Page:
Mon. Jul 15th, 2024

America’s Doublethink on Working Through the Heat

June 21, 2024


Heat can be deadly; no federal rules currently exist to protect workers against that danger.

It’s troublingly hot in June, which means the United States is entering the heat-death zone for workers again. We’ve been here before. In San Antonio, on a blisteringly hot June day in 2022, Gabriel Infante, a 24-year-old construction worker, died in his first week on the job, after he entered a state of delirium while laying fiber-optic cable; medics measured his temperature at 109.8 degrees Fahrenheit. That same month, Esteban Chavez Jr., also 24, died after passing out while delivering packages in Pasadena, California, in temperatures above 90 degrees.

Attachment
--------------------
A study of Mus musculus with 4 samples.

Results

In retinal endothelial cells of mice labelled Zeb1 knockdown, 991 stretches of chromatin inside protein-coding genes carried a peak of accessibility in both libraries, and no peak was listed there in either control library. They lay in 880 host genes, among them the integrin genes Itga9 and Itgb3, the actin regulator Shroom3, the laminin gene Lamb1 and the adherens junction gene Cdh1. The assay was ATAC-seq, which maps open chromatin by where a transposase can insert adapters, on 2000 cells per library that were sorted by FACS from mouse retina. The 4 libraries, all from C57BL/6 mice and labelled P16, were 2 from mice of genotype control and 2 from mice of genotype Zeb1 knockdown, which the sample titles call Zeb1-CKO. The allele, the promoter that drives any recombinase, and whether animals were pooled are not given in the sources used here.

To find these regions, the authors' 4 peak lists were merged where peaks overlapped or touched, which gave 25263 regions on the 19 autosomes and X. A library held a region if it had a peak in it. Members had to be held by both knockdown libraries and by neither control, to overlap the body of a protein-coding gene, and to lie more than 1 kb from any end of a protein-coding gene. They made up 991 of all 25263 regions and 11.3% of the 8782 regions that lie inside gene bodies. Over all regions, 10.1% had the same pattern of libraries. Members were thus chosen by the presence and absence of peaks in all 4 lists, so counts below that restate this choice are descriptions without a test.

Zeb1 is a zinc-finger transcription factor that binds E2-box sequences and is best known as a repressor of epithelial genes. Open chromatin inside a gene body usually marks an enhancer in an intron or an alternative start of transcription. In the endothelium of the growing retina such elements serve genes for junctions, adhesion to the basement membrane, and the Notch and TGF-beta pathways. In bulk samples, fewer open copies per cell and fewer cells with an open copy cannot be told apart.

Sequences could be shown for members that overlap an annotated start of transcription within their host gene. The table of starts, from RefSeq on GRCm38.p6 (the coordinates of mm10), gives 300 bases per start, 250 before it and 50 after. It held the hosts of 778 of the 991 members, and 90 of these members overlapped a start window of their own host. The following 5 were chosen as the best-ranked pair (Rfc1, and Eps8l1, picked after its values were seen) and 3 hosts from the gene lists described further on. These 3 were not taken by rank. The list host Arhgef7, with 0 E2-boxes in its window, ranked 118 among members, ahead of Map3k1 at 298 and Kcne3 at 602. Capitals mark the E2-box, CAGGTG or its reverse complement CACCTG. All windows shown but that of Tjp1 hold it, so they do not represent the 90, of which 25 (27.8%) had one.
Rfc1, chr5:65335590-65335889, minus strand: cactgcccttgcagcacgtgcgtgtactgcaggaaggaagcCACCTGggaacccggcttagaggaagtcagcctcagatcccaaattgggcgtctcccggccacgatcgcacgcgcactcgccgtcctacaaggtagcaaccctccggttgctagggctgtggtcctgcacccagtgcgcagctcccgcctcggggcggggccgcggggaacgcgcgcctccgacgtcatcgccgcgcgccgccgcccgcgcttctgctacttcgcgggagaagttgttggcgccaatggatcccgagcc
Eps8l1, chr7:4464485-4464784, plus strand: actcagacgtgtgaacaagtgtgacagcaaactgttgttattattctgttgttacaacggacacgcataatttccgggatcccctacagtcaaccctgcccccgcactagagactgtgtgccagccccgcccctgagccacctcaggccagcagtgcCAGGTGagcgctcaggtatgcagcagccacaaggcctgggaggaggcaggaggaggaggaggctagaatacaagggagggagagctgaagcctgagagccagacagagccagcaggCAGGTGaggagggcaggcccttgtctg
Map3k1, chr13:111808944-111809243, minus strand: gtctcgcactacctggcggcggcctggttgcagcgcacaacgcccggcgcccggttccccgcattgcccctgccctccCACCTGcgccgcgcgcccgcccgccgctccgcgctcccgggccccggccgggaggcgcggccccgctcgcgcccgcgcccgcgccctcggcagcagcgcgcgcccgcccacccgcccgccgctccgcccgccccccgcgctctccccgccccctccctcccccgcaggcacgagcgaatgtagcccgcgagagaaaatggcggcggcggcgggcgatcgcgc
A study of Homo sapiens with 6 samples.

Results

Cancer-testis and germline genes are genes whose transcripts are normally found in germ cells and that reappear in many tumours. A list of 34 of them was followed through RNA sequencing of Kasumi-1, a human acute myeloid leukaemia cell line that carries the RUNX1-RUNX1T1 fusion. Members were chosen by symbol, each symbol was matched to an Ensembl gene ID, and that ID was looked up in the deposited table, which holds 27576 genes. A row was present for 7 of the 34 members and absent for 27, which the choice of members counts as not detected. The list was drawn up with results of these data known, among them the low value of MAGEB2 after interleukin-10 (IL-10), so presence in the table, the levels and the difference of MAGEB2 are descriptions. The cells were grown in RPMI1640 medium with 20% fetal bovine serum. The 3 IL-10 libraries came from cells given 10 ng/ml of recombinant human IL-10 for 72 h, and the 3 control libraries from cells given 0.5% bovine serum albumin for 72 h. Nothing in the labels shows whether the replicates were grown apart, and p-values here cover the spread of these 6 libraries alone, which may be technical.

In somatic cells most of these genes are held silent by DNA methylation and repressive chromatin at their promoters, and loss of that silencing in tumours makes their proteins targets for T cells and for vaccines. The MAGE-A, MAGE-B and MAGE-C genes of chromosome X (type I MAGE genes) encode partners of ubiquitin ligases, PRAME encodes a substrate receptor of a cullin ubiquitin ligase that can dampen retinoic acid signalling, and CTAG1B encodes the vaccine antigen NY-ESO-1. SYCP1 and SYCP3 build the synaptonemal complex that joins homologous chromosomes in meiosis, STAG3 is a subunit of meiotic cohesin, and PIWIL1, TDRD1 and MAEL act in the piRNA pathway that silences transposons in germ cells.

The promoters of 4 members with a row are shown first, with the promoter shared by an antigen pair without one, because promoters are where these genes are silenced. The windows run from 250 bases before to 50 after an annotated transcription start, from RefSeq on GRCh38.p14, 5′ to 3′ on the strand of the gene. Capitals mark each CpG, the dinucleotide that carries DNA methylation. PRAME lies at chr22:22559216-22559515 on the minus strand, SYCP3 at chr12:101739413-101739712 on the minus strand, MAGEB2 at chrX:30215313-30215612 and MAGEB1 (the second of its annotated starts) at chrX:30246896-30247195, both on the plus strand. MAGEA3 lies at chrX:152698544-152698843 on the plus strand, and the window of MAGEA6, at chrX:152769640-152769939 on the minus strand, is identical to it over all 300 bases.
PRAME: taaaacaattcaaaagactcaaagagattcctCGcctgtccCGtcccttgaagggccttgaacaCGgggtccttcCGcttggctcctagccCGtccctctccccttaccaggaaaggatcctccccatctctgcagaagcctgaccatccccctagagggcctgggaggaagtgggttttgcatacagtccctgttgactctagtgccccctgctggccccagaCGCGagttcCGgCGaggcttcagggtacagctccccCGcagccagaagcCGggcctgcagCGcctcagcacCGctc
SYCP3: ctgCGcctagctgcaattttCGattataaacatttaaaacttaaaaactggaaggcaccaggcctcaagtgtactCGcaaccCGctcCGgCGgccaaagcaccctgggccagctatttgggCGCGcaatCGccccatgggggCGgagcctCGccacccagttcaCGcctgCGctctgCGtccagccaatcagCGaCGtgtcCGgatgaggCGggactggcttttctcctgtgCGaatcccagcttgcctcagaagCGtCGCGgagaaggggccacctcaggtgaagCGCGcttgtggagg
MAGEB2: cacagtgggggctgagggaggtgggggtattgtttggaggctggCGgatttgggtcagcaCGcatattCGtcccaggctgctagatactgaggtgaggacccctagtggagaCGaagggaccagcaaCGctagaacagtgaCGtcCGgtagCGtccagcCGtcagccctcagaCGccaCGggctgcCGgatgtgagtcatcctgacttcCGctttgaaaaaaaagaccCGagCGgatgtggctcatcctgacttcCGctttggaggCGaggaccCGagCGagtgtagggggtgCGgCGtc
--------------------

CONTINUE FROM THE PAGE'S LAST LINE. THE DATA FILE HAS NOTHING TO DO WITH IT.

Attributing a death to heat alone can take months of investigation; attributing a heat-related death to job conditions requires more work still. The tally of worker heat deaths that the U.S. Bureau of Labor Statistics gathers each year is fairly small, but on the rise. It is also, almost certainly, an undercount. A report from Public Citizen, a nonprofit consumer-advocacy organization, estimates that in the U.S., 2,000 workers die and 170,000 are injured by heat each year. Last summer, worker deaths included an employee at a grocery-store distribution center in Memphis whose colleagues said he was sweating and asking for water, a 66-year-old mail carrier on his route in Dallas, and a 26-year-old farmworker who collapsed on the job in Yuma, Arizona. This summer—perhaps even this current heat wave—will inevitably bring more.